The next mayor of Chicago will take over a city that is deeply divided by race and class, a decadeslong problem that critics say only grew more pronounced during Mayor Rahm Emanuel’s two terms in office.
The question for voters now that Emanuel isn’t seeking re-election: Who, if anyone, can repair it?
A dozen candidates were running to lead the nation’s third-largest city even before Emanuel’s surprise announcement Tuesday. By Wednesday the list of people said to be weighing bids seemed to be multiplying by the minute.
Among the most high-profile names being discussed were former Education Secretary Arne Duncan, longtime Barack Obama adviser Valerie Jarrett and Bill Daley, who succeeded Emanuel as Obama’s White House chief of staff and is the brother of longtime Chicago Mayor Richard Daley. None of them were commenting publicly.
Those running — or contemplating it — as well as activists and community leaders said the next mayor must be focused on uniting Chicago, which has long been one of the nation’s most segregated cities. That includes investing more in poor, predominantly minority neighborhoods on the city’s West and South Sides where unemployment and violence rates are dramatically higher than other areas.
“For me what’s most important is someone that has the character and personality to run all of Chicago, not just some of Chicago,” said the Rev. Corey Brooks, pastor at New Beginnings Church of Chicago on the South Side, who also said he “might be considering” his own bid.
He acknowledged much of the city’s division predates Emanuel, but said it had become “more apparent” under his leadership, as construction cranes hang over downtown and North Side developments while other areas are hollowing out.
Both Brooks and the Rev. Marshall Hatch, a prominent minister on the city’s West Side and a critic of Emanuel, said it isn’t critical that the next mayor be African-American or Hispanic. What matters most, Hatch said, is that it’s someone who’s “going to be fair to poor people.”
The city’s population is almost evenly divided, with one-third African-American, one-third Hispanic and one-third white. It’s one of the nation’s wealthiest cities, yet about one-fifth of residents live in poverty, according to the U.S. Census Bureau.
When Emanuel took office, the city’s leaders quietly lamented that his predecessor, Daley, had left him a city in desperate financial straits. While Emanuel’s efforts have improved the city’s financial situation there is a feeling, particularly among the African-American community, that much of it occurred at their expense.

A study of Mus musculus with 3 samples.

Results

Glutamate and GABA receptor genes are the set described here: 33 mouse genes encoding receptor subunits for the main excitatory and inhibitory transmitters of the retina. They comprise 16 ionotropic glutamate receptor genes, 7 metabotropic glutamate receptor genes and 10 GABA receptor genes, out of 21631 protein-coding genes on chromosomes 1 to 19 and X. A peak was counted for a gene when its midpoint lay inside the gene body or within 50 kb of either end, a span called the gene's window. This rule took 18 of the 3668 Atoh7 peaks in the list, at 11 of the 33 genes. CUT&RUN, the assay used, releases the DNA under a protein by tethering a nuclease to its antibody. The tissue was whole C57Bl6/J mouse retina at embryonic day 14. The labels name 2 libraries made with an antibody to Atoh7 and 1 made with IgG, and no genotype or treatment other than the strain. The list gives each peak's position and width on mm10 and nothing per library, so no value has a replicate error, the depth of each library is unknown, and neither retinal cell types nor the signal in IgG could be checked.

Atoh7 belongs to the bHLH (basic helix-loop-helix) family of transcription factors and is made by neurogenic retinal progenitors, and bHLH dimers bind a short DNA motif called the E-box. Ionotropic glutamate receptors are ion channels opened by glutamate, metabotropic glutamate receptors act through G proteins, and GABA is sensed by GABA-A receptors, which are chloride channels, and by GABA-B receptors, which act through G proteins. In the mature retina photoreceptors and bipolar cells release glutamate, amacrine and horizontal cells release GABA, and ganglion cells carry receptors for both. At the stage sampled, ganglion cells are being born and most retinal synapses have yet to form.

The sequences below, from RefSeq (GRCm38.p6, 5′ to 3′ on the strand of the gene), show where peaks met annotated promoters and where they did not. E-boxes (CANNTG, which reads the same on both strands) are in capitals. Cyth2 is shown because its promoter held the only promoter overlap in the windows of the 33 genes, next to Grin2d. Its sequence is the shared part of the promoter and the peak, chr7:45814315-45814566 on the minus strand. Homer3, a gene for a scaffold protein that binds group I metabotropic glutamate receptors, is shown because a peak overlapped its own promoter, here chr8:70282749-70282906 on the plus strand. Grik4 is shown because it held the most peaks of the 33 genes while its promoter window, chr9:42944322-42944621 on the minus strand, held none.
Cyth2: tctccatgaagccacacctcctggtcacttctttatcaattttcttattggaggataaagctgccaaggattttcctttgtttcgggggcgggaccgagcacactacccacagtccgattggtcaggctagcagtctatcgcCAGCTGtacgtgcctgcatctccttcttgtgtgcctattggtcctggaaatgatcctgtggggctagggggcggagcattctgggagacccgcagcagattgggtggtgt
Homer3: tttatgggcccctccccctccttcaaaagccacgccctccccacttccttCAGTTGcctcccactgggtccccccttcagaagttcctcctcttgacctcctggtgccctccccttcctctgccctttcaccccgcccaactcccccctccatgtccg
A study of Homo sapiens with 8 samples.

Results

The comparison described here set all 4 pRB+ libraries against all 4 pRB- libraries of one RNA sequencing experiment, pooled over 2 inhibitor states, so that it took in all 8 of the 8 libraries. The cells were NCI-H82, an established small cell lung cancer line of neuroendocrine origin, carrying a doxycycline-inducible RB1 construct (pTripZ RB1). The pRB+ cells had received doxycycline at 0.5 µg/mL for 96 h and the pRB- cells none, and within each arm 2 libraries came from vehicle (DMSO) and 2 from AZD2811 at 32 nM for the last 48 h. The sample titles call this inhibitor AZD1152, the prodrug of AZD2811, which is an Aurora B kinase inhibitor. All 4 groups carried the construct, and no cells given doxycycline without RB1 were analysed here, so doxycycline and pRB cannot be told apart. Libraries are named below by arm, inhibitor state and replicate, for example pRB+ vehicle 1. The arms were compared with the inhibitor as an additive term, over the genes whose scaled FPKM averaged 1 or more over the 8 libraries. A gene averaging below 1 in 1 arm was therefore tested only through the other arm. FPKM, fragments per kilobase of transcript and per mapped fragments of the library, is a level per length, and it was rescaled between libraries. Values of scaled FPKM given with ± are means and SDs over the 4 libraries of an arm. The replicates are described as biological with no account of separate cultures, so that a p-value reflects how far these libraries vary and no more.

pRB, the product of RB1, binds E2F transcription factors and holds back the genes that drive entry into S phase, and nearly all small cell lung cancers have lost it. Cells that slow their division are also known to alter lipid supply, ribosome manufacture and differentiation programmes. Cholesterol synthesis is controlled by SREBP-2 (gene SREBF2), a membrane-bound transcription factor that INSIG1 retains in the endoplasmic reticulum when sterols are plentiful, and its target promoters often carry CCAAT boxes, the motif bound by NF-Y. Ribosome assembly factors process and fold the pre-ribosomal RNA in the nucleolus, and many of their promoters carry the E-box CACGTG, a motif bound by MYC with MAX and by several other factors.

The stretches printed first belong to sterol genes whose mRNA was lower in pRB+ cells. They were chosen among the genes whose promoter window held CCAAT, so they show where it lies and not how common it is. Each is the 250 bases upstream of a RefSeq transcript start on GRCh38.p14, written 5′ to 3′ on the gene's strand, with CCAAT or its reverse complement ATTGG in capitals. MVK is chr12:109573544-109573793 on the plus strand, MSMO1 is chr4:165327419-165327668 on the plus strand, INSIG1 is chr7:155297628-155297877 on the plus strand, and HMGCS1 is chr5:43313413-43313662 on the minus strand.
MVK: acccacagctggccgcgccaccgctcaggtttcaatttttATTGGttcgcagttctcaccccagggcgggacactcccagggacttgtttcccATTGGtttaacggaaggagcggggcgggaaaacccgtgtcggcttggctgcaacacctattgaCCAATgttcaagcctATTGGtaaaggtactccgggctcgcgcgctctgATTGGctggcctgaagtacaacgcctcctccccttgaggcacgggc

Emanuel led the effort to close 50 Chicago Public Schools in 2013, saying the closings were necessary because too many buildings were half-empty and the financially troubled district couldn’t afford to keep them open. The buildings were overwhelmingly located in low-income neighborhoods with predominantly African-American students.
“(The closings) told us all we needed to know about what Rahm felt about our communities: Get out of town,” Hatch said.
Hatch said other policies, including a host of fines imposed by the city and red light cameras installed to catch people running red lights and ticket them, also disproportionately hurt the city’s poor.
“I get a red light ticket or a boot on my car … I have a bad day,” he said. “But if I’m a single mom with a minimum wage job who drops her kids off in three different places and I come outside and my car is booted, it is a family emergency.”
Emanuel’s announcement came the same week as jury selection begins in the trial of a white Chicago police officer, who’s charged with first-degree murder for fatally shooting black teen Laquan McDonald 16 times. Dashcam video of the 2014 shooting wasn’t made public and Van Dyke not charged until after Emanuel won his 2015 election for a second term, prompting many to accuse City Hall of suppressing it to help the mayor.
Emanuel defended his record during a Wednesday radio interview, noting he helped bring a Whole Foods grocery store to the Englewood neighborhood and Obama’s presidential center to Jackson Park, both located on Chicago’s South Side.
He also said he doesn’t think any of the candidates who’ve so far announced has the necessary skill set, and that more people will jump in before the November candidate filing deadline. The election is in February, with an April runoff if needed.
“My view is … the list is not done,” Emanuel said.